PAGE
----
What Criteria Can Government Use To Discriminate Against Citizens?

Discussion in 'Politics, Religion, Social Issues' started by ThisIsNotMe, Jun 4, 2012.

  1. ThisIsNotMe Suspended

    Aug 11, 2008
    What criteria can (the United States) government use to discriminate against citizens or treat them unequally?
  2. Ricky Smith macrumors regular

    Jan 28, 2006
    Boston, MA
  3. MorphingDragon macrumors 603


    Mar 27, 2009
    The World Inbetween
    With the right amount of guns, whatever they feel like.
  4. bradl macrumors 68040


    Jun 16, 2008
    Uhh.. the US government can't. Various acts and Constitutional Amendments prevent it. Civil Rights Act of 1964, post-Civil War amendments (13th, 14th, 15th), 19th Amendment, VAWA, etc. The government is extremely limited from treating its citizens unequally, as it should be..

  5. mcrain macrumors 68000


    Feb 8, 2002
    Obviously the government can discriminate against people who have brown skin, black skin, female genitalia or happen to like members of the same sex. Duh. All you have to do to know that is true is pay attention to the GOP.
  6. Gelfin macrumors 68020


    Sep 18, 2001
    Denver, CO
    The government may treat citizens unequally under the law when there is a rational, legitimate state interest in doing so. Convicted felons, for instance, are routinely deprived of their liberty. This is permissible because the state interest in maintaining order is clear.

    We have the legal presumption of equality, and any citizen may bring a lawsuit challenging whether a law or its application meets a sufficient standard to justify discriminatory treatment. In evaluating whether a law is justifiable, the courts take into account whether the discrimination happens along a line demarcating a class of people with a history of adverse discrimination against them. This is called a "suspect class" because it triggers heightened suspicion that wrongful discrimination might be taking place.

    In the simplest case, where no suspect classification can be identified (e.g., the class of "people who own only a cell phone, but no land line") the government must only demonstrate that there is a "rational basis" for the discrimination. Classes defined along lines that may carry some history of adverse discrimination, but are also known to entail legally relevant distinctions (e.g., gender) bear "intermediate scrutiny" and classifications that entail a strong history of hostile prejudice unrelated to their ability to function as members of society (e.g., race) demand "strict scrutiny." Under strict scrutiny the government must prove not only that there is a legitimate purpose to the discrimination, but also that there is no narrower or non-discriminatory law that could achieve the same legitimate purpose.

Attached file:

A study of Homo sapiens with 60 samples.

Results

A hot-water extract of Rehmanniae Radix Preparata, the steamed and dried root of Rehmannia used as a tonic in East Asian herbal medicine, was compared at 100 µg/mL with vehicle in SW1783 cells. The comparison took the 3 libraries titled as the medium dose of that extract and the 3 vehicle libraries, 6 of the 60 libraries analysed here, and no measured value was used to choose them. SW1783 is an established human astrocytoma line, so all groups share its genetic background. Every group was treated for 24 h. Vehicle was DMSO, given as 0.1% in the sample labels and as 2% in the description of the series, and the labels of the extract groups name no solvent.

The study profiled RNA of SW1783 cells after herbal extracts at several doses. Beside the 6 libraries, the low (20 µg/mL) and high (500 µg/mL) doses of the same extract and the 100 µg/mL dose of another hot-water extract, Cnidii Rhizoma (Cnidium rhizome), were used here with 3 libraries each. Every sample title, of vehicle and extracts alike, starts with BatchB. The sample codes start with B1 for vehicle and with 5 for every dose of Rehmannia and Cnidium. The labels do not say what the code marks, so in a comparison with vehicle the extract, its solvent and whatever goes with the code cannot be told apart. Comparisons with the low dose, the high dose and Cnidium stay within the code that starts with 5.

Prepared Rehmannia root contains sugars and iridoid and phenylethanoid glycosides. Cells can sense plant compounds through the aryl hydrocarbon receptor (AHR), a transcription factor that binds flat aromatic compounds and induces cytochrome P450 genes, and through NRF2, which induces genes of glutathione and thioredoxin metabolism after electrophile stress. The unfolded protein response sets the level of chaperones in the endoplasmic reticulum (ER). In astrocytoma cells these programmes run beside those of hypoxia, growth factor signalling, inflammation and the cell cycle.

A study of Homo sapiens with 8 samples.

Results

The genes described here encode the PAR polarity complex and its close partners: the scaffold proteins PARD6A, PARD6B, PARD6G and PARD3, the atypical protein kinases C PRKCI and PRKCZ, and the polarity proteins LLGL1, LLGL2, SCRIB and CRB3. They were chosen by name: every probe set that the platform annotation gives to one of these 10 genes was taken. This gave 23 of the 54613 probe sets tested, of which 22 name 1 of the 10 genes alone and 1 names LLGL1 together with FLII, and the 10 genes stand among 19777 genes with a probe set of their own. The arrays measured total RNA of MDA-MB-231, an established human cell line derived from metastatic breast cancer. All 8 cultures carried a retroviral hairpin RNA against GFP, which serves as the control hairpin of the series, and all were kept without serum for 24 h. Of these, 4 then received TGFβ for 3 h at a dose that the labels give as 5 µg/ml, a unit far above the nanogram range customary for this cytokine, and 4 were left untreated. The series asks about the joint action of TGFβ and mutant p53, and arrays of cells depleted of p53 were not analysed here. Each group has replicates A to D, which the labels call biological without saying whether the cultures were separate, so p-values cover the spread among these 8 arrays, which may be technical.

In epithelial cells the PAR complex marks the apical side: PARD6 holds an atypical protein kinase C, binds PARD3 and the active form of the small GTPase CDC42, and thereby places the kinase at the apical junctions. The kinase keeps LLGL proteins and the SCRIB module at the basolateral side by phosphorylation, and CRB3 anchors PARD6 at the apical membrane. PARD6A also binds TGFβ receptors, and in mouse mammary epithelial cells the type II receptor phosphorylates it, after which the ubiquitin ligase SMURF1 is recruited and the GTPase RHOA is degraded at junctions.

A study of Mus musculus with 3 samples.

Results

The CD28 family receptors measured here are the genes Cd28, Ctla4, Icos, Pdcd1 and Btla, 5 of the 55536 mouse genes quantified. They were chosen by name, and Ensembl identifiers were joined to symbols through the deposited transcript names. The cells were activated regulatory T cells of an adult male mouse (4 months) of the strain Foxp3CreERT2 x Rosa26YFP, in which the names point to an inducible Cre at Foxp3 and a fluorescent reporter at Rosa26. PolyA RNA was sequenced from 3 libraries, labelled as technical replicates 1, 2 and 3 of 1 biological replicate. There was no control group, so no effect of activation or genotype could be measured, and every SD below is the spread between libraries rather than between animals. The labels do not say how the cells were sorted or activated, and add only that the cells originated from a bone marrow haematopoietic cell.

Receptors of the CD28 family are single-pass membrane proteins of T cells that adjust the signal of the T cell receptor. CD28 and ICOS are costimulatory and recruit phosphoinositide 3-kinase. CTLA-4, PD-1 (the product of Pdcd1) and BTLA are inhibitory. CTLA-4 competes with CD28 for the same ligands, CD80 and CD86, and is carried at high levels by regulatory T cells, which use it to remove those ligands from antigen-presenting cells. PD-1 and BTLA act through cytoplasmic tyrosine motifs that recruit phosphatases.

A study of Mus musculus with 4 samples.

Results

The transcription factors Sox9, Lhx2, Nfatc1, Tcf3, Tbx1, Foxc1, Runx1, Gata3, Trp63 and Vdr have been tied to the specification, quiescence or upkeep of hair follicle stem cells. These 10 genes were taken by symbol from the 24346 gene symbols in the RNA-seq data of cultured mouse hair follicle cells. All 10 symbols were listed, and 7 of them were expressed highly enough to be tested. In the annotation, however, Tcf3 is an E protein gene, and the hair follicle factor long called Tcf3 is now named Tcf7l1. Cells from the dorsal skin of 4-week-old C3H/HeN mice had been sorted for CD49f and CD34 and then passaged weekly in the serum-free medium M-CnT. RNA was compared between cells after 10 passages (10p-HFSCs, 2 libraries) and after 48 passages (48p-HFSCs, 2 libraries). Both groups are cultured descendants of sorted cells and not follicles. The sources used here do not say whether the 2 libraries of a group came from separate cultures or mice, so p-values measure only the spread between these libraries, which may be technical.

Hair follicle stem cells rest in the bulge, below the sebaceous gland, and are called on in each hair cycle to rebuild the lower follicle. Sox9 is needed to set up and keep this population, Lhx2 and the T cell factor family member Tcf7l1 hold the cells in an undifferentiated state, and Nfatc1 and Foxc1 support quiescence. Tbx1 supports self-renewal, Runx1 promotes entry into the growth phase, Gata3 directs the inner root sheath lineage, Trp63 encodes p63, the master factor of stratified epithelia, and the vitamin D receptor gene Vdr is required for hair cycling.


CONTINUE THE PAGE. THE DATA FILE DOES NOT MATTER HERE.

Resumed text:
7. Huntn macrumors P6


    May 5, 2008
    The Misty Mountains
    Do you have an opinion?
  8. classicaliberal macrumors regular


    Jul 19, 2011
    'Discrimination' has gotten a bad rap over the past few decades, because the only context it's discussed in is bad discrimination in the form of racial discrimination, etc.

    Discrimination in and of itself can be a very good thing. I discriminate all the time. If I'm hiring someone to help me move a refrigerator, I don't hire someone with a broken arm. If I'm hiring someone to manage my Grandfather's estate, I don't hire a convicted felon. In fact, I will actively discriminate against people with broken arms or legal convictions in these cases.

    Generally, discrimination against people for things they can not control is not ok, and discrimination against things that people can control is ok.

    However, there are some very important discrimination which I think current law fails to protect. For instance, If I'm opening a restaurant that specializes in beautiful attractive wait staff, and we're serving an almost exclusive female demographic, I think it should be within my right to discriminate based on physical appearance and sex. Regardless of whether the person could control that aspect of themselves or not.

    Similarly, I think the Boy Scouts should be able to discriminate against females, I think the congressional Black Caucus should be able to discriminate against white members of congress, I think an 'African American' scholarship fund should be able to do the same, and so on and so forth. When I get a babysitter for my newborn baby daughter, I might discriminate against males... isn't that my right to be a protective father and want to reduce risk to my family in whatever way I please?

    The problem is how you separate logical common sense discrimination from ignorant unfortunate discrimination, especially at the government level which we're all funding. That's when things get really complex.